The transition period end is drawing ever closer as the UK is less than four months away from charting its own destiny away from all the EU rules and regulations. With Brexit talks going from bad to worse, a leaked letter from Michael Gove, The Chancellor of the Duchy of Lancaster, has urged logistics companies to prepare for the possibility of long queues at Dover regardless of whether a deal materialises in the meantime. The government’s ‘worst-case scenario’ fears that as much half of all the hauliers crossing the Channel between France and the UK will not be up to speed on the post-transition period end regulations. Moreover, a possible “lack of capacity to hold unready trucks at French ports” may lead to a 20-40 per cent reduction in normal traffic levels.
For up to three months this could mean “maximum queues of 7,000 port bound trucks in Kent and associated maximum delays of up to two days,” while alternative routes emerge and transport companies get a handle on the new customs rules. The Cabinet Office letter goes on to warn that “both imports and exports could be disrupted to a similar extent”.
From the transition period end, the EU is likely to stop all goods without the proper documentation. Much will depend on whether France will put hauliers through a Schengen Area passport check.
Hauliers fear being the ‘fall guys’ in post-Brexit freight chaos
With this wake-up call letter, the government is urging logistics companies to prepare for the new customs regulations and minimize the disruption. But hauliers have accused the government of failing to establish adequate systems for the post-Brexit realities. They have also expressed fears that they will be the “fall guys” for future import and export difficulties.
In response to the leaked document, Richard Burnett, chief executive of the Road Haulage Association, told the Daily Mail:
“We’ve been consistently warning the Government that there will be delays at ports but they’re just not engaging with industry on coming up with solutions.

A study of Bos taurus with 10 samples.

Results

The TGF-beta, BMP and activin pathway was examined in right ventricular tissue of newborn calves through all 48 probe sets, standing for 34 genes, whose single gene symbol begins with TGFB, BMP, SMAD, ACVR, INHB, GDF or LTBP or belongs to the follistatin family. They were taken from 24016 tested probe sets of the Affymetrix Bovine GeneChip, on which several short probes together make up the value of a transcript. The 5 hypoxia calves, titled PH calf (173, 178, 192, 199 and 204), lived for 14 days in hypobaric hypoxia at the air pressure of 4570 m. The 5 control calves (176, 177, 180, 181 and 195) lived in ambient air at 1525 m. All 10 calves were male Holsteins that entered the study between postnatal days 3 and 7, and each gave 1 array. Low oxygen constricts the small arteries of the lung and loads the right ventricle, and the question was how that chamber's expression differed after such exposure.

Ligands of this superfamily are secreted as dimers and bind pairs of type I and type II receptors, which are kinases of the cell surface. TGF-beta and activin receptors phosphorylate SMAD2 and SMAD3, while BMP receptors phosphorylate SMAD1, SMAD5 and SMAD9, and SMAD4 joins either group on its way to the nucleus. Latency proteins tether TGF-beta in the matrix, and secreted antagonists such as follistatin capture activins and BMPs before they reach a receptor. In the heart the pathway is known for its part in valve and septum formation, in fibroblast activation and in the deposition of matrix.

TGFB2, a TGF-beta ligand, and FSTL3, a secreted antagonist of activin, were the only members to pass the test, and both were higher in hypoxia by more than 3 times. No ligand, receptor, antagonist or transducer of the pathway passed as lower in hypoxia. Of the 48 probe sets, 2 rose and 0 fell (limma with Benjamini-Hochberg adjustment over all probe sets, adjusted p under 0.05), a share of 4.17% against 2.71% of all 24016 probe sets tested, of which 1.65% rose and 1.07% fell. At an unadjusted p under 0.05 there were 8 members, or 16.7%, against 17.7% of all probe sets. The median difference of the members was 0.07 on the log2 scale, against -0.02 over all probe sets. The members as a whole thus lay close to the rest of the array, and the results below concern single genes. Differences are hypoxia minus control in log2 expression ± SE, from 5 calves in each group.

“Traders need 50,000 more customs intermediaries to handle the mountain of new paperwork after transition but Government support to recruit and train those extra people is woefully inadequate.”
As the likelihood of a deal diminishes, a no-deal outcome could mean additional issues. Lorry drivers may have to secure Department of Transport permits while drivers wishing to use EU roads may also have to comply with EU rules limiting driver hours.
To get hauliers ready for post-Brexit realities, the document outlines the government’s plan to roll out a “Smart Freight” IT service allowing logistics operators to determine their border check readiness. The government is also set to publish an updated border arrangement model.
Brexit think tank warns of the possibility of medicine and fresh food shortages
Think tank, the UK in a Changing Europe Group, published a report on the impact of the UK leaving without a deal. Partnering with the London School of Economics and applying their modelling, the think tank concluded:
“Our modelling with LSE of the impact of a no-deal Brexit suggests that the total cost to the UK economy over the longer term will be two to three times as large as that implied by the Bank of England’s forecast for the impact of Covid-19.”
As efforts to reach an agreement continue, the Prime Minister has warned the UK would walk away if no agreement is reached by 15 October.